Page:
Local churches sue New York State over gun law restrictions

[anvplayer video=”5139774″ station=”998131″]

ROCHESTER, N.Y. — Several churches across the state are suing New York State over gun law restrictions.

This comes after Gov. Kathy Hochul and state lawmakers approved a law to limit where guns can be carried, including houses of worship. 

More than two dozen churches across the state and a Rochester-based non-profit Christian conservative political advocacy group filed this federal lawsuit and they said they want the right to be able to protect their loved ones at church.

“Looking at it from the perspective of churches who have security teams and since Sept. 1, no house of worship is allowed to have a firearm on the premise unless it’s a paid professional security team or its retired or active law enforcement,” Rev. Jason McGuire said. “That’s not something that many congregations have.”

Now many local churches are trying to push back.

“There’s 25 churches representing 20 counties across the state of New York and so it’s a pretty good spectrum of people from all the way in Niagara County to Kings County, so it really represents a state well,” McGuire said.

McGuire is the executive director of New Yorkers for Constitutional Freedoms, a non-profit Christian conservative political advocacy group named as a party on the lawsuit.

“All across the board, we’re hearing from churches in Erie County where there has recently been a just a tragic shooting out there,” McGuire said. “Churches there are concerned. We have churches all across the domination spectrum. Many churches didn’t want to come forward and go public for obvious reasons, but there is just a broad interest in this issue.”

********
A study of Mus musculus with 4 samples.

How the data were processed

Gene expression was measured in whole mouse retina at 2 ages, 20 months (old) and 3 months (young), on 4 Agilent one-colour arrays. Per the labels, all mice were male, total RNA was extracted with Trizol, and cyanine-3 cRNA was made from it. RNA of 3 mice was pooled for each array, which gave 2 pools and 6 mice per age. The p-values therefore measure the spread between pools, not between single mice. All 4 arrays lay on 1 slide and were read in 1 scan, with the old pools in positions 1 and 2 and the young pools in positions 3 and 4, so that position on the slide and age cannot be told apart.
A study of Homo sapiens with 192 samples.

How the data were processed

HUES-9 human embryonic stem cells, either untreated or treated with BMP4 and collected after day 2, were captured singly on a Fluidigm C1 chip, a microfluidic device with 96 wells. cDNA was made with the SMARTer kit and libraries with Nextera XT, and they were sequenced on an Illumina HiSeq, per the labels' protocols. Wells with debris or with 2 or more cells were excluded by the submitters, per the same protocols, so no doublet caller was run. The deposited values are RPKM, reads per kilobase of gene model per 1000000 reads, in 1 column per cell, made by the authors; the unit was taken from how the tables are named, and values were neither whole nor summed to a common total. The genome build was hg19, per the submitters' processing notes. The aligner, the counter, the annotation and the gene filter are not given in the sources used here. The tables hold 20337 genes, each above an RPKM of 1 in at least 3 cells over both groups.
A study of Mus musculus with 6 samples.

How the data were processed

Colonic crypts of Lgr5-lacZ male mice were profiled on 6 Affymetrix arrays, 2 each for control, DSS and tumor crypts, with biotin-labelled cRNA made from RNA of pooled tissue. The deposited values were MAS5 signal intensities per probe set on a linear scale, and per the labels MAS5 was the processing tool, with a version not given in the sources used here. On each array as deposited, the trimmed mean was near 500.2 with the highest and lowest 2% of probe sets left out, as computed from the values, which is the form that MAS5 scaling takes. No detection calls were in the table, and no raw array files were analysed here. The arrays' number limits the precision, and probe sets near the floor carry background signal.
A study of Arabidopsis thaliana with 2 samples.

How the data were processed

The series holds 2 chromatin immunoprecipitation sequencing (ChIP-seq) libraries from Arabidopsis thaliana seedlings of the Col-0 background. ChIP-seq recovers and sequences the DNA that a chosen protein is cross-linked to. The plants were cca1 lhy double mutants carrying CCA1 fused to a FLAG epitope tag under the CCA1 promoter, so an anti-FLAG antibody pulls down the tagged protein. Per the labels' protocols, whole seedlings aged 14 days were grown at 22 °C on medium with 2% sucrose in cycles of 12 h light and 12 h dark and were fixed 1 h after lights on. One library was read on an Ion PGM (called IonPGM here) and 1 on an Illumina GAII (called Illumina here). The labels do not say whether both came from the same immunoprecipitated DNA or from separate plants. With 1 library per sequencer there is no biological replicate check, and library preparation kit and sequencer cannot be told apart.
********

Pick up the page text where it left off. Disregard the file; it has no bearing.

Two Monroe County churches are also named along with several others in the region.

McGuire said the rise in threats against houses of worship and church shootings is a major concern.

“I tell you, if you look at what’s happening, even the FBI’s own statistics, it indicates that church shootings and church attacks are on the rise,” McGuire said. “The most recent data demonstrates that to us and so it really is important to us and the churches that I represent my community. In the last several years [I] have been putting in place volunteer security teams that are often armed that allows those folks to carry concealed, to protect the people in the pew.”

McGuire said that while there are exemptions in the law for certain people to carry, they don’t include trained volunteers.

“I think when whatever judge gets a hold of this, they’re going to look at this and say whenever Gov. Kathy Hochul climbs into the pulpit, she has an armed security detail present,” McGuire said. “Why am I denied that same self-defense? Why the people in our pews are denied the same privilege of protection that Gov. Kathy Hochul has?”

News10NBC did reach out to the two local churches named in the suit. One didn’t want to comment pending litigation. The other did not get back to us.

We also reached out to Gov. Hochul’s office. It said no comment on pending litigation, but it did give us more information on who would be exempt from this. You can see that list here.